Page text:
The counties around Lake Mälaren, more specific the counties of Stockholm, Uppsala, Västmanland and Södermanland, together constitute the region of Mälaren Valley (Mälardalen). The region is shown in Figure 1, visualized by the green rectangle. This region is the largest in Sweden with approximately 3.2 million inhabitants, equivalent to above 30 per cent of the Swedish population. It is also one of the fastest growing regions in Sweden.
The Mälaren Valley region will over the coming years face a number of changes to its infrastructure network with the construction of the Stockholm Bypass, the relocation of the main container port to Norvik as well as the closure of at least one of the major fuel depots that serves the region.

As a part of the INTERREG Baltic Sea Region project “EMMA”, M4Traffic has been given the task to investigate certain goods flows in the Mälaren Valley to find whether it is possible to use Inland Waterway (IWW) as a part of the transport chain.
In collaboration with the client, three such flows were identified;
• Return-packaging
o Paper, glass, newspaper, metal and plastic
o Aluminium cans and PET-bottle
• Household waste
• Sand and gravel as well as snow cleared from the streets during winter.
During discussions with representatives from the municipality in Stockholm as well as local businesses, it was understood that a large part of all sand and gravel transports already use waterborne transport. The potential for using IWW for the remaining part of the flows were considered low, hence these flows have not been further investigated.
During winter time, snow needs to be cleared off the streets of Stockholm. Due to lack of space for dumping the snow (as in all larger cities), the water (Riddarfjärden) in and around the Stockholm city centre is used for dumping snow. This procedure has been criticised as the snow looks dirty and pollution from the road traffic therefore affects/pollutes the water. Especially there has been a concern regarding contaminated particles. One alternative instead of dumping the snow straight into the water, is to dump it on a barge, either to be transported out of the city centre, or to be cleaned on site and then let out into the water. One positive effect from the last alternative could be recycling of the gravel that is spread out on the streets. As it is now, this gravel is just dumped along with the snow in the water. In Oslo, this solution is already in use with the barge NCC has constructed, with positive results. Besides cleaning the snow, the solution also reduces the truck mileage as the barge can be places in the very city centre.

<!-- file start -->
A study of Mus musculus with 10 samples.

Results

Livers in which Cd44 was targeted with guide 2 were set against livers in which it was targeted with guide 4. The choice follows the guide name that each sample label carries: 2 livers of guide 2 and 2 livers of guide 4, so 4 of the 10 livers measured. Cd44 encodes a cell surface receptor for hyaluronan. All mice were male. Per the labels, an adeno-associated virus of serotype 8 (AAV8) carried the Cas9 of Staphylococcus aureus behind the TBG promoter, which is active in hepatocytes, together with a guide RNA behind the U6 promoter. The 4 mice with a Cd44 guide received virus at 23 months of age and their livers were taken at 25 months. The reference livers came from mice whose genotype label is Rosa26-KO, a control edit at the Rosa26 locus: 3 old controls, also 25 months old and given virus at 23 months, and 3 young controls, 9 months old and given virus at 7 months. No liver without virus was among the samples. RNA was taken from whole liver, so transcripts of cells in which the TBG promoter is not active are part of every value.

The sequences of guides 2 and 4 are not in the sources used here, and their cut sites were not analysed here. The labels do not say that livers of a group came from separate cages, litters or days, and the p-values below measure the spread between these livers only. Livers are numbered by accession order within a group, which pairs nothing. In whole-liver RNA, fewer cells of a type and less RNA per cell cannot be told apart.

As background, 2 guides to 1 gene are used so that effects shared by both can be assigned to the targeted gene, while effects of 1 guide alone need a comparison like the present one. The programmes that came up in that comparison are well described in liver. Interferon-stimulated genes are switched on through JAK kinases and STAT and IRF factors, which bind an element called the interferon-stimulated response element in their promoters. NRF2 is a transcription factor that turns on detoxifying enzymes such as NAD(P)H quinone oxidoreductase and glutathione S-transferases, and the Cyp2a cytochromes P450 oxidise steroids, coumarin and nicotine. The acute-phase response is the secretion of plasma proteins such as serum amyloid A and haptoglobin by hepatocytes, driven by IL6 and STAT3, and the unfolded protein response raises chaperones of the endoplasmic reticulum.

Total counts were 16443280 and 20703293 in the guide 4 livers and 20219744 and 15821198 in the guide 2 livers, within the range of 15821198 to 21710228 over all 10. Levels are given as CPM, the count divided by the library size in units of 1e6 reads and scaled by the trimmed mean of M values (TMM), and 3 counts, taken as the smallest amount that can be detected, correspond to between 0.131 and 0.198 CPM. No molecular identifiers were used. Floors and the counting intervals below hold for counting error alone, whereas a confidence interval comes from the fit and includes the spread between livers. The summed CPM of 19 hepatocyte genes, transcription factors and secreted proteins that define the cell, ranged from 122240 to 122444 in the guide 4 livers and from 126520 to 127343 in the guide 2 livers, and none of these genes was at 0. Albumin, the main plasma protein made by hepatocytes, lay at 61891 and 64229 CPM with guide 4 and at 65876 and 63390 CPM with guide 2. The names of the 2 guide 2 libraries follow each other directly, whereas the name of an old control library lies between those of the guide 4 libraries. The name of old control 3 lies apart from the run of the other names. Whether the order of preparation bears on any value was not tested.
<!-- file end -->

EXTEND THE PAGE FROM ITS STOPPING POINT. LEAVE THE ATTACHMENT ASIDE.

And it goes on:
In conversations with representatives for the city of Stockholm, it was though understood that the snow cleared from the city streets during the winter does not impact the pollution levels in the water in and around Stockholm and therefor does not need to be transported to other locations. As a result of these talks, also these flows have not been further investigated.
Regarding household waste, a well-developed local network is already in place regarding this, and with an infrastructure adapted to road transport. A large share of the households in Stockholm are heated with district/central heating, which in turn in general use bio fuel, gas, oil and household waste as different fuels. Only a few of these heating/power plants are suitable located by the water, as the newly opened plant in Hjorthagen. At the same time, this heating plant does not primarily use household waste as fuel, but different kinds of bio fuel transported to the plant via shipping, train or trucks. In general, the heating plants that use household waste as energy source are located inland, as for example the plant located in Högdalen. As this market was considered mature and well adapted to road based transport as well as individual flows of household waste are small, these flows have not been further investigated.
Regarding the flows of return packaging, these were more complex, and it was also understood that smaller flows were consolidated at a few locations around the Stockholm county, and then transported to larger national recycling centres.
Therefore, this report will be focusing on return packaging, more specifically general household packages and newspapers (FTIAB) and aluminium cans and plastic bottles (Returpack).
In addition, a short survey of existing academic literature was conducted to give some supplementary context, as well as a brief cost benefit analysis in order to compare costs related to different transport systems.